My friend Nicholas Noe is on a mission. For several years, he has been arguing that Washington’s hard-line, take-no-prisoners approach to dealing with Syria and Hizbullah is completely misguided. The continuous diet of pressure and isolation tactics from the West, Noe believes, has only served to improve the fortunes of the Resistance Axis, not weaken it, and he has painstakingly documented this legacy of ashes in a variety of opinion pieces published in the New York Times, the Huffington Post, and various other outlets (including his blog).
Interestingly, Noe does not take the view of certain commentators to whom he is often compared (such as Alistair Crooke and Nir Rosen) that the West should be criticized for waging a war on parties whose resistance agenda is perfectly legitimate. Rather, his beef with Washington is that this strategy is wrong because it is not effective enough. In other words, Noe does not have a problem with the ends of US policy; he simply disagrees with the means.
Take his most recent article for The National Interest. In it, he argues that Hizbullah has been painted into a corner because of the unrest in Syria and the indictments by the Special Tribunal for Lebanon (STL). Washington and its allies have sensed Hizbullah’s weakness and are now hoping to press their advantage, which Noe thinks is a terrible idea:
…Many influential voices in Washington and European capitals need to very carefully consider the wisdom of the road that they are going down—a road that will, in all probability, bring great destruction to the region, including to Israel whose home front will undoubtedly be a main frontline. Saying this, however, does not have to mean simply withering away in the face of a threat. Instead, it could mean—it should mean—that outside actors who hold such comparatively great power…might finally have to find a means and a discourse to grant concessions to far weaker…parties—a course that would actually fatally undermine their ability and desire to exercise violence over time, either against their own people or against other nations.
In other words, now is not the time to push Syria and Hizbullah further into a corner, but rather to use one’s increased leverage over them to extract valuable (but unspecified) concessions.
I think Nick’s voice is an important one to listen to on these issues, but I also think that his policy proposals are too vague in this case, and that he is overly optimistic about the positive outcome of a so-called “third way” with regard to Syria and Hizbullah.
To take another example, here’s an excerpt from a recent post of his about the mistakes that the US and March 14 made in pursuing a “maximalist” track on the STL:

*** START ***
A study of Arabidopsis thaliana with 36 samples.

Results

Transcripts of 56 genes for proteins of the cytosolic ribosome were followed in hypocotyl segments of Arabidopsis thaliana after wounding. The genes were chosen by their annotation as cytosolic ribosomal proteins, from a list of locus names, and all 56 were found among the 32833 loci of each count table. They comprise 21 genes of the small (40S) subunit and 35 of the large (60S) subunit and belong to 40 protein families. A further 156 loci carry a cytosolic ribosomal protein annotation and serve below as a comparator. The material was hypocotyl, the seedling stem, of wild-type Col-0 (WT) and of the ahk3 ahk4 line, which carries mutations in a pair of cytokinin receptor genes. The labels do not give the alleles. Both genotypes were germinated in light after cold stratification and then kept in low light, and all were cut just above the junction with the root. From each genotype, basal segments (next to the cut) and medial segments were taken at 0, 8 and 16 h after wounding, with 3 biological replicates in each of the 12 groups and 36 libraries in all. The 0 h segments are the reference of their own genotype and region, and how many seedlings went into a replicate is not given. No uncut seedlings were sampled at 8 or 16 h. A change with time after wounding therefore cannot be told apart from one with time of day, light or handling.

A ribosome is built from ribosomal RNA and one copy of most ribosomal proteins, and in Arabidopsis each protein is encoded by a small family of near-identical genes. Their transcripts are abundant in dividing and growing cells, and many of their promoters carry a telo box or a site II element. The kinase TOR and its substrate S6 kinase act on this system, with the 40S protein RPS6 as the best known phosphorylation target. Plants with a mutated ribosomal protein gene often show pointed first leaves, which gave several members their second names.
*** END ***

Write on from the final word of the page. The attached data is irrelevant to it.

The US and M14, we can now pretty clearly see, would have done FAR better on several scores if they had allowed the Tribunal process to go forward in a manner that drew Hizbullah ever further into the process rather than stupidly alienating them at virtually every turn – this means in general that they should have traded the hard edge Tribunal stick for a more mixed one, with a less sharp edge, if you will…
I find this argument problematic for many reasons. First of all, we should note that Noe is precisely not criticizing the Tribunal for being a cynical tool used by the West to target Hizbullah. He doesn’t have a problem with that. Rather, his critique is that the STL was a tool that was not wielded in the proper way, for maximum effect. In other words, by using the STL as a bludgeon rather than a scalpel, America and its Lebanese allies missed many opportunities to force concessions out of Hizbullah that they now have lost the ability to do.
Again, this strikes me as flawed reasoning. It wasn’t the West’s “alienation” of Hizbullah that led the party to shun the Tribunal; the record clearly shows that Hizbullah was — from the beginning — totally opposed to the Tribunal. They may have paid lip service to the ideals of justice, but when push came to shove, they consistently worked to undermine the creation of the court. Let us recall the following:
- Hizbullah was opposed to the UN dispatching Peter Fitzgerald on a fact-finding mission a few weeks after the Hariri assassination, calling instead for a Lebanese investigation (which would have been a farce) rather than an international one.
- When the Siniora cabinet voted (on December 15 2005) to request that the UN establish a tribunal, the Hizbullah and Amal ministers suspended their cabinet membership.
- When the draft resolution establishing the Tribunal was circulated in the fall of 2006, Hezbollah began calling for a veto in the Siniora cabinet. When they were rebuffed, their ministers walked out, thereby launching the eighteen-month protest outside the Serail.
- During this period, there were more assassinations of March 14th figures and a great deal of tension on the streets of Beirut, culminating in the events of May 7 2008.
I am not rehearsing these events to argue that Hizbullah was acting like a guilty party. My point is, rather, that “maximalism” is not the exclusive preserve of the United States and its Lebanese allies. Noe treats the establishment of the UN investigation commission and the subsequent tribunal as if these were developments that came about effortlessly, when in fact these bodies came about via a protracted and bitter struggle, in which both March 14 and Hizbullah were active participants.
The notion that some kind of third-way accomodationist stance on the STL could have been found that would have satisfied Hizbullah, March 14, Syria, and the US is unconvincing to me. The process got ugly because everybody was playing hardball, not because the US hurt Hizbullah’s feelings.